As a teen fleeing a forced marriage in Mali, Ali Konate hopscotched between countries before taking his chances on a boat leaving Libya. He spent two nights at sea, fearful of being tossed into the water -- all the more terrifying because he can’t swim.
He had never even heard of Malta before he ended up on its shores.
“I just wanted anywhere I could live my life in a safe way,” Konate said.
Konate is one of more than 16,000 people who have boarded boats and landed on Malta over the last decade, often by accident. The tiny Mediterranean nation is a refugee destination out of happenstance, as people fleeing North Africa aim their boats at the European continent and land on Malta instead.
These "accidents" have put new demands on Malta, a chain of islands of roughly 400,000 people with less acreage than Bakersfield. Malta hastily erected tents to hold more people and pleaded with other countries to take them in. Some did -- but not nearly as many as it had hoped.
“Malta is smaller than an American town,” said Joseph St. John, its policy development director. “We can only integrate so many people.”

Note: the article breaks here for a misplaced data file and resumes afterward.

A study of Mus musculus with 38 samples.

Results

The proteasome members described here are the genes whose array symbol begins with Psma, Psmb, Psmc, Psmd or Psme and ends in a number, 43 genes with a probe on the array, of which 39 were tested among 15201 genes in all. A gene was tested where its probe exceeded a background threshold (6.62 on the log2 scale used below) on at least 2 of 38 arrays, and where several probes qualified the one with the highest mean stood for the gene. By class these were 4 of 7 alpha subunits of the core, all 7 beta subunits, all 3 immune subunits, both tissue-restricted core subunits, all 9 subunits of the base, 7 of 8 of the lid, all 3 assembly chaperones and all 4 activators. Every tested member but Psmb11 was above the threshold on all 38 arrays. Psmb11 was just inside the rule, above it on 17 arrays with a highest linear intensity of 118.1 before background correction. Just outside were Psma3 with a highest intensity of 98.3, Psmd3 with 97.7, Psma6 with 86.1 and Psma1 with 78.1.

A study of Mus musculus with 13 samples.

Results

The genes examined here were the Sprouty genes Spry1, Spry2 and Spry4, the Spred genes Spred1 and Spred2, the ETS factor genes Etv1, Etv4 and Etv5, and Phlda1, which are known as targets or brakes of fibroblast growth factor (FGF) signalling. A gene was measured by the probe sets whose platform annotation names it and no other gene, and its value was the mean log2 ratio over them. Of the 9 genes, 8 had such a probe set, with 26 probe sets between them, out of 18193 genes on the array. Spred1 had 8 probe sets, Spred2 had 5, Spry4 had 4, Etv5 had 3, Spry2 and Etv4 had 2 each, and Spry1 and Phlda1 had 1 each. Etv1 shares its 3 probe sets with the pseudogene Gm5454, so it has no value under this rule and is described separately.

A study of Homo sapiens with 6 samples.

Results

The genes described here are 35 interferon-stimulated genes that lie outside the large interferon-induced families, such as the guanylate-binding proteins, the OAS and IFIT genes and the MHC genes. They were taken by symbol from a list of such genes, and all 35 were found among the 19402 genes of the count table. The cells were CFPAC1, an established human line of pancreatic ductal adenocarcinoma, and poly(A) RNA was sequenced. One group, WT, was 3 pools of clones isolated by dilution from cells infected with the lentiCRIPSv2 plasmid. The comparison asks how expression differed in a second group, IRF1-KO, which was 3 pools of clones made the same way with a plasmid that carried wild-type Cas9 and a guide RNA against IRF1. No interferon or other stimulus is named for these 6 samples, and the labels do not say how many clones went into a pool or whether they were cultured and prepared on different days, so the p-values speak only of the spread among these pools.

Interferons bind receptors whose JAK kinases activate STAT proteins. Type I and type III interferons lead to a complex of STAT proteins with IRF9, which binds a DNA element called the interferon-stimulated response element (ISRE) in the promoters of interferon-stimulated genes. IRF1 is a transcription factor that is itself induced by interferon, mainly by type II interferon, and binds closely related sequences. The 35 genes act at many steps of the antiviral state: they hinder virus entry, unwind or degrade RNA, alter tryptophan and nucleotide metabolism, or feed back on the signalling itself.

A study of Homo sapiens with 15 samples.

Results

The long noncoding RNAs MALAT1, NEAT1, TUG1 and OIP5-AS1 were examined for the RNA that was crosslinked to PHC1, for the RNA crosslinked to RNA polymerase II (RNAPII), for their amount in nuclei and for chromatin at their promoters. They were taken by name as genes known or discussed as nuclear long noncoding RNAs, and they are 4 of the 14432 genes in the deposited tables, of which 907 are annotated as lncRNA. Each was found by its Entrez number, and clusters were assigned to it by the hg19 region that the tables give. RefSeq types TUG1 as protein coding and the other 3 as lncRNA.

Last year, it had the most refugees per square mile in the world, according to figures from the United Nations refugee agency.
European Union countries are bound by an agreement that the first country someone sets foot in is responsible for them. But the drama on Malta is repeated across the globe under international rules. Countries on the fringes of conflict end up with the most refugees, with no guarantee of help.
Huge numbers pour into countries such as Pakistan and Kenya, stretching budgets and testing goodwill as supposedly temporary camps become fixtures. Refugee activists and governments have dreamed of countries sharing the load, but they say the idea is politically stagnant.
Many refugees didn’t really want to go to Malta, and they often feel Malta doesn’t want them. Malta detains people who come by boat for months unless they are deemed vulnerable, saying it must screen for terrorists. Refugee activists argue that the detentions are illegal and dehumanizing; one advocate called it “worse than prison.”